China Southern Receives 2 New A350s

On Dec. 29, China Southern received two new Airbus A350 XWBs from Toulouse, France. The new aircraft will be the 11th and 12th A350s operated by China Southern.

The added capacity will be based in Shenzhen, China, the southern city that borders the special administrative region of Hong Kong. Shenzhen has been a strategic market for China Southern, as its proximity to the headquarters of China Southern in Guangzhou and its vast travel demand resulting from its status as the tech capital of China have led to rapid growth in its network.

China Southern Airlines A350-900 MSN411(Photo: Airbus)

New Seating

Two new aircraft — registered as B-324R and B-324S — will be the first two-class configured A350s in China Southern’s fleet. They will each have 335 seats, including 28 business class seats and 307 economy class seats. Previously delivered China Southern A350s are equipped with 28 business class seats, 24 premium economy class seats and 262 economy class seats. The new seating configuration allows the carrier to add two more rows of economy class.

Currently, the two aircraft are parked at Guangzhou’s Baiyun International Airport. When the importation paperwork is completed, the two aircraft will be transferred to Shenzhen’s Baoan International Airport, where they recently opened a new satellite concourse.

As international travel in and out of China is still restricted, those new aircraft will likely operate domestic main lines first, such as Shenzhen to Shanghai and Shenzhen to Beijing. After travel restrictions are lifted, China Southern may resume its flights from Shenzhen to Melbourne and Shenzhen to Auckland, likely to be operated by those A350s.

Competition in the Shenzhen market is heating up. China Southern has long planned to expand its Shenzhen operations, and it is the first airline to have A350s based in Shenzhen.

Currently, Air China — along with its subsidiary Shenzhen Airlines — is the largest player in Shenzhen. In addition, China Eastern established its Shenzhen base before the pandemic, and the Shanghai-based airline pledged to continue to allocate more capacity to Shenzhen.

Beloved Aircraft

The Airbus A350 is widely liked by Chinese airlines. China Southern has an order of 20 A350s, 12 of which have been delivered so far. China Eastern has also ordered 15 of the type. Air China initially ordered 10 A350s during its development phase, and added an order of 20 jets, with the option to swap the final five aircrafts into the larger A350-1000 variant.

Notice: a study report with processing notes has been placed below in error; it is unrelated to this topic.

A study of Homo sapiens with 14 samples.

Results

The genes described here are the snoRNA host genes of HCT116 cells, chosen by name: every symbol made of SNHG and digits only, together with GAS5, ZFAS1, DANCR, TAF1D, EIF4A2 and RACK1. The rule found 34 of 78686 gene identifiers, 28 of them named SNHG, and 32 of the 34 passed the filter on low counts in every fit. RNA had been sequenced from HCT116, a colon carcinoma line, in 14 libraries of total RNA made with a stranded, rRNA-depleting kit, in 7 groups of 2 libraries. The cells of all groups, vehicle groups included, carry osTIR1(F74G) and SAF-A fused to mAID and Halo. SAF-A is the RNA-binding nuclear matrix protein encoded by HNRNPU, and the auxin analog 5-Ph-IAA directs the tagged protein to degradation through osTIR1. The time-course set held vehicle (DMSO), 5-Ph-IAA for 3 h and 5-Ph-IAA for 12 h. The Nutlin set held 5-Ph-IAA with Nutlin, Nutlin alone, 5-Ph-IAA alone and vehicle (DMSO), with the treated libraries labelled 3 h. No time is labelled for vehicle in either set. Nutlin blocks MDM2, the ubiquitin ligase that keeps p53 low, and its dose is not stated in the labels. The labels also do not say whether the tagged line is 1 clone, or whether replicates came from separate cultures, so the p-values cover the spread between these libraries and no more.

Hong Kong-based Cathay Pacific has ordered 46 A350s, and Taipei-based China Airlines has ordered 14 to operate its international flights. Sichuan Airlines, the largest all-Airbus airline in China, also ordered 10 A350s to operate its international flights as well as domestic main lines.

Air China’s A350 Star Alliance Livery approaching at Singapore’s Changi International Airport. (Photo: AirlineGeeks | Lei Yan)

After the pandemic, Chinese airlines have shown a preference for Airbus and Boeing to deliver to their doorsteps, instead of picking up their aircraft from Europe or the U.S.

For this, Airbus is leveraging its Tianjin facility to deliver to its Chinese customers. In July, Airbus delivered the first A350 from China to China Eastern. The aircraft was initially assembled in Toulouse, France, and then flew to Tianjin, China for final decoration and painting.

This week, however, the aircraft were delivered from Toulouse. China Southern sent one team to pick up 2 aircraft, so fewer people will have to travel and go through the mandatory quarantine after returning to China.

As the travel rush associated with the 2022 Spring Festival is set to begin soon, airlines are readying their capacities for the traveling public. The national government has projected that the period would be “significantly busier” for air travel than it was in 2021.

Author

  • Lei Yan

    Lei is from Inner Mongolia, China, and now lives in Guangzhou. He grew up in an aviation family, where his passion began. During his time at Penn State University, he studied Industrial Engineering specializing in operations research, and he graduated with an honor’s thesis on airport gate assignment optimization. Now, he is a Purchasing Manager with Procter & Gamble. In his free time, he enjoys flying, reading, and wandering around the city.